Obama, Putin face tough talks at G8 summit
Updated: 2013-06-17 07:36
Treasure island tax
Cameron has made tackling tax avoidance - which campaigners say costs about $3 trillion a year - one of the key parts of the formal agenda at the summit.
He has turned up the pressure to clamp down on secretive money flows by pressing Britain's overseas tax havens into a transparency deal and announcing new disclosure rules for British firms.
"It is important we are getting our house in order," Cameron said on Saturday after representatives of overseas tax havens linked to Britain agreed to sign up to an international transparency protocol.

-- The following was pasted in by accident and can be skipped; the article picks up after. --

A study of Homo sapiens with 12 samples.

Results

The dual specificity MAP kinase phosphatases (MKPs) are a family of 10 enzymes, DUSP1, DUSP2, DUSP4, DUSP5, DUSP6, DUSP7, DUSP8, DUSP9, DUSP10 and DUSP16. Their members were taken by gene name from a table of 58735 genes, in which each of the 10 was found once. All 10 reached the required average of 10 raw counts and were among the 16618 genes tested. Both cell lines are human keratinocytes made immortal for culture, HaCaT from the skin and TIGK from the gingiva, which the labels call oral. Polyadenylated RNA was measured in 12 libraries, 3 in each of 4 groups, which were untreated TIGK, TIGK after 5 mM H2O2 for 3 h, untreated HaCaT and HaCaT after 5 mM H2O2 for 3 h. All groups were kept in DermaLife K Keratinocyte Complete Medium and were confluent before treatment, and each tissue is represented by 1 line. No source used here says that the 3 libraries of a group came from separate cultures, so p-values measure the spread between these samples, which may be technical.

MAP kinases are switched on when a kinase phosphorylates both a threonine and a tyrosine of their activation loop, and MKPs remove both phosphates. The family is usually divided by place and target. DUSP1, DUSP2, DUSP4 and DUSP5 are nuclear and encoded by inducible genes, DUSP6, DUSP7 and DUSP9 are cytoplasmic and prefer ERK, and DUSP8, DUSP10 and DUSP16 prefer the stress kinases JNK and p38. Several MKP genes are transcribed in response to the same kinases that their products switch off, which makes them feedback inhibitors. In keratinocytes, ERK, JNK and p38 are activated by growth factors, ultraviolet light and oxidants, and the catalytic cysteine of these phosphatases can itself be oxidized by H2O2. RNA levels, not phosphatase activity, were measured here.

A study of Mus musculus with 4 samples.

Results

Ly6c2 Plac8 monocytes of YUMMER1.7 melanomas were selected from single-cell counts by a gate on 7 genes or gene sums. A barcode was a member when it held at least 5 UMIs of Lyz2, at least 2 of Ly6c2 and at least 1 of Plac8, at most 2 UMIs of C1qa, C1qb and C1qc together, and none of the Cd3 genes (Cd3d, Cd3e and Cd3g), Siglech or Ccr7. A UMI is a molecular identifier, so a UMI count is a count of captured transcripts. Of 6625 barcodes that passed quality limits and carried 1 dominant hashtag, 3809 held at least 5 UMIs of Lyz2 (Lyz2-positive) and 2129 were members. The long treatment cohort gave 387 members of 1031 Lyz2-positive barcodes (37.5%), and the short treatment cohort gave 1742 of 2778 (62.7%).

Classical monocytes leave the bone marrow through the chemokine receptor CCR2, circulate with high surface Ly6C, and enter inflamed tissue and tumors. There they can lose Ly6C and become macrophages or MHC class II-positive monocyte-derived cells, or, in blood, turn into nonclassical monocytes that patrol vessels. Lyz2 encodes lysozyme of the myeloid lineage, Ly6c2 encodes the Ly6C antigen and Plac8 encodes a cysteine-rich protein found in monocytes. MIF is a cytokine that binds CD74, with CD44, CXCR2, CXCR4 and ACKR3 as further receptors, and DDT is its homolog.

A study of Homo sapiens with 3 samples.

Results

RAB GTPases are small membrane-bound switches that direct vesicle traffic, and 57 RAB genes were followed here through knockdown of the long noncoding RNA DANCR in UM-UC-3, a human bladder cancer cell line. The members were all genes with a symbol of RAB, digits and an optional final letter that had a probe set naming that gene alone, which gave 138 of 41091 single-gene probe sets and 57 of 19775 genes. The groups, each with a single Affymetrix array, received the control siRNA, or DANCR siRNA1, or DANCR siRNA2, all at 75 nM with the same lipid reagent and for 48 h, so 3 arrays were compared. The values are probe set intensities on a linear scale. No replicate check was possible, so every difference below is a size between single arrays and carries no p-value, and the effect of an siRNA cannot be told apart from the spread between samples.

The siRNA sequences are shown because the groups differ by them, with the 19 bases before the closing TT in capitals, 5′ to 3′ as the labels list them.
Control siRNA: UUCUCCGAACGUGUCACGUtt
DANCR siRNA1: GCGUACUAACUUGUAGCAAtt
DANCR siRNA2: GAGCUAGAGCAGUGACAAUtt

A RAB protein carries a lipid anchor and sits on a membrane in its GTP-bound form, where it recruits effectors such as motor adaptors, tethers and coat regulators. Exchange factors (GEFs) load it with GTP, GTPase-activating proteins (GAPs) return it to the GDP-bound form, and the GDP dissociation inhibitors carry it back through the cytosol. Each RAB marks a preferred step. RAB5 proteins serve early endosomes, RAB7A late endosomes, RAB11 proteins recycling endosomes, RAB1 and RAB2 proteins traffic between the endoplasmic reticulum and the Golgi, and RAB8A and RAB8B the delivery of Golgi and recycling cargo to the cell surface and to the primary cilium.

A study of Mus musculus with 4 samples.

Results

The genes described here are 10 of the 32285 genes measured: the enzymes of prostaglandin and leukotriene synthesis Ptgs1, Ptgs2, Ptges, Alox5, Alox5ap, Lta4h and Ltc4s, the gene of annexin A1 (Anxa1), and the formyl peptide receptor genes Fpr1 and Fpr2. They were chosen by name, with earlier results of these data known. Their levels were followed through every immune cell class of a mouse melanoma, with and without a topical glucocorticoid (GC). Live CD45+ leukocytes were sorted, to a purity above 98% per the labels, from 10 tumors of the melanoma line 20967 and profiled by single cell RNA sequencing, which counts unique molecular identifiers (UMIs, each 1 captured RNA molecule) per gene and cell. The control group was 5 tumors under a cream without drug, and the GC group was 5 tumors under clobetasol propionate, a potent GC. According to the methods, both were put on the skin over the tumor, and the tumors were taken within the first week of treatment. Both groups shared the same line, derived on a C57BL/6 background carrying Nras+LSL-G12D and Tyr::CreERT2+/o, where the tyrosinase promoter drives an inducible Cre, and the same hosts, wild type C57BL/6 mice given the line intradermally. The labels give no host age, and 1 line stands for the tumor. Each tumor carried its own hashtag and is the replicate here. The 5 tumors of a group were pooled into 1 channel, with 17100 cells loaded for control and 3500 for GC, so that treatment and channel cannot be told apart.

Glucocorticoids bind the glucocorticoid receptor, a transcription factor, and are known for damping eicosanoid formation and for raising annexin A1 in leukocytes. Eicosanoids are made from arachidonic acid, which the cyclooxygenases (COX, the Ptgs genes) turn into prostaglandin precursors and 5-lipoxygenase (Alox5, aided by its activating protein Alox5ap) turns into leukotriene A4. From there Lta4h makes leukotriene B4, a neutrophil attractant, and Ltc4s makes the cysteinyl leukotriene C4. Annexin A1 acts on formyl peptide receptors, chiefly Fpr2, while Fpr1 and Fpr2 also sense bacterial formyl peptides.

Aid campaigners said Britain's action will count for little if the rest of the G8 does not follow suit.
G8 leaders will probably shy away from adopting a measure aimed at curbing tax avoidance by highlighting when companies channel profits into tax havens, and will include a watered-down alternative, according to the draft communique.
Tackling corporate tax avoidance has become a political goal internationally following public anger about revelations over the past year that companies like Apple and Google had used structures US and European politicians said were contrived to minimise the amount of taxes paid.
But the draft summit text suggested there will be no agreement on a rule that would force companies to publish their profits, revenues and tax payments on a country-by-country basis.
Global tax evasion could be costing more than $3 trillion a year, according to researchers from Tax Justice Network while as much as $32 trillion could be hidden by individuals in tax havens.